OF all the countries of Europe, France has the best chance of coping successfully with large-scale Muslim immigration. That’s not to say it’s a very big chance, but it has some chance. This is because of France’s strong republican ideology. This enables it to confer benefits as well as responsibilities on citizens regardless of ethnicity. French republicanism demands something of the citizen and asserts certain fundamental values.
This is most evident in the law banning the hijab, or Muslim headdress, from state schools. Last week a French parliamentary committee recommended banning the full Muslim burka in government offices, public transport, hospitals and schools.
The hijab is a bit more than a loose scarf that covers all the hair and generally the shoulders. The niqab reveals only the eyes and the burka covers everything, allowing a woman to see only through some sort of mesh arrangement. However, burka is the term most commonly used in the West to mean full face-covering, body length female Muslim attire.
France’s President Nicolas Sarkozy has been the most effective Western statesman on these issues. He gave an eloquent speech last year in which he rejected the burka and said it offends French values. This was not primarily because of the distance and separation the burka enforces between its wearer and the broader society. Rather, it was because of women’s rights.
When, in 2005, the French banned the hijab, I thought they were making a mistake. Broadly speaking, I don’t really care what anybody wears. But I was wrong. Spending time in France last year, I realised the French see this as a great liberal reform in the interests of women’s rights. The French go to great lengths to distinguish secular from religious spaces. They have gone to great lengths to make this law non-discriminatory. At state schools, Christians cannot wear large crosses, Jews cannot wear yarmulkes, Sikhs cannot wear turbans.
The truth is this law was aimed at Muslims. And everyone knows this. One consequence of large-scale Muslim immigration, therefore, is that all of France has to become a little less liberal, in that Christians, Jews and Sikhs must suffer restrictions when there was no problem at all in their religious dress. But the hijab is both a symbol and a tool of the repression of women. The reform has been such a success because for several hours each day, young Muslim women at state schools are French women, with the rights and independence and respect that accrue to French women. They are for that time no longer subject to the rules of their brothers and fathers and the religious extremists in their communities.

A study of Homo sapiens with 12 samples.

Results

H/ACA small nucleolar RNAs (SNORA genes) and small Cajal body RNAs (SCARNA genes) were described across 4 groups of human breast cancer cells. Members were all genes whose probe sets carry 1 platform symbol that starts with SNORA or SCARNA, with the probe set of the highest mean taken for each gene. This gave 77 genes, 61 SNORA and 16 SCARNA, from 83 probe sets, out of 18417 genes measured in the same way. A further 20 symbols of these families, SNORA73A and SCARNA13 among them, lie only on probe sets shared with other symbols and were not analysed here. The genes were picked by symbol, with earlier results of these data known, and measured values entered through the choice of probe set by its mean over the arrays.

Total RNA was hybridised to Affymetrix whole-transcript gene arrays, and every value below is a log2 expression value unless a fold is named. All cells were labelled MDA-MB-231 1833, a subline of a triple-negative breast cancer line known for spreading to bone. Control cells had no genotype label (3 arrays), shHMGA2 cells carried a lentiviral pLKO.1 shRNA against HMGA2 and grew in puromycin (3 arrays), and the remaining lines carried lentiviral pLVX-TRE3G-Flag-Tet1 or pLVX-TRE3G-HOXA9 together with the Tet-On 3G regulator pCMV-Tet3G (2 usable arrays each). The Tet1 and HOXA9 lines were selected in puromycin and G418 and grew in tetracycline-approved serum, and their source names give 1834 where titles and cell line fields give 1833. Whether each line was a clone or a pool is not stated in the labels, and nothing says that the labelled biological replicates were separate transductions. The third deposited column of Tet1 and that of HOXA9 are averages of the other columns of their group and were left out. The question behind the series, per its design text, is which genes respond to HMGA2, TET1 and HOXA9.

Incidentally, the French rules are similar to those that have applied in Turkey for much of its modern history.
But the most important aspect of the French law is that it makes explicit to the Muslim minority the demand that to be a French citizen you must subscribe to, and live up to, certain French civic values, of which equality for women is one. The proposed limited ban on the burka is an extension of this. And here is a perplexing conundrum. If you really believe that women, but not men, should be fully covered, why would you want to live in a society such as France, or indeed Australia, in the first place?
Here we meet a hard truth of Muslim immigration to Europe, and perhaps to Australia. There is a strong body of belief that at least a large number of the African, and especially Maghrebi, Muslims who move to Europe do so not to embrace the European lifestyle, that is to pay the immigrant’s traditional compliment to the new society, but to recreate their Third World lifestyle at a European standard of living.
Diversity is a good thing and there is a vast range of values and traditions that are perfectly acceptable in most Western societies. But women’s inherent inequality is not one of them.
Muslim immigration to Australia and the US has so far been much more successful than Muslim immigration to Europe. This is often seen to be a consequence of our superior settlement policies, in particular that the US not only confers rights on immigrants but imposes civic obligations on them as well. The truth might be that it is just because the relative numbers of Muslims in the US and Australia are so much smaller.
Mass Muslim immigration challenges a liberal Western society in a way that no previous immigration did, in part because most mainstream interpretations of Islam see it as requiring its adherents to establish a political order as well as a religious order. The vast majority of Australian Muslims are perfectly law abiding, happy with the Australian civic order and in every way good citizens. But the experience of Europe strongly suggests this could be quite different if the Muslim minority were much, much larger.
For societies such as Australia and the US, the traditional pro-immigration bias, which I wholly share, may need some calibration in relation to Muslim immigration. Successful immigration involves acceptance and immersion in the core values of the new society. A state that tolerates open and socially destructive defiance of this is very weak.
These are very sensitive issues. But Western civilisation needs to stand for some positive values beyond an anything-goes relativism that will be destroyed by more vigorous belief systems.
The French are moving cautiously, incrementally, and in my view belatedly, but with almost unique courage and intelligence, to try to repair the outcome of the nihilistic trends in Western intellectual life and their interplay with a mass immigration that Europeans did not choose and have never understood. Vive la France!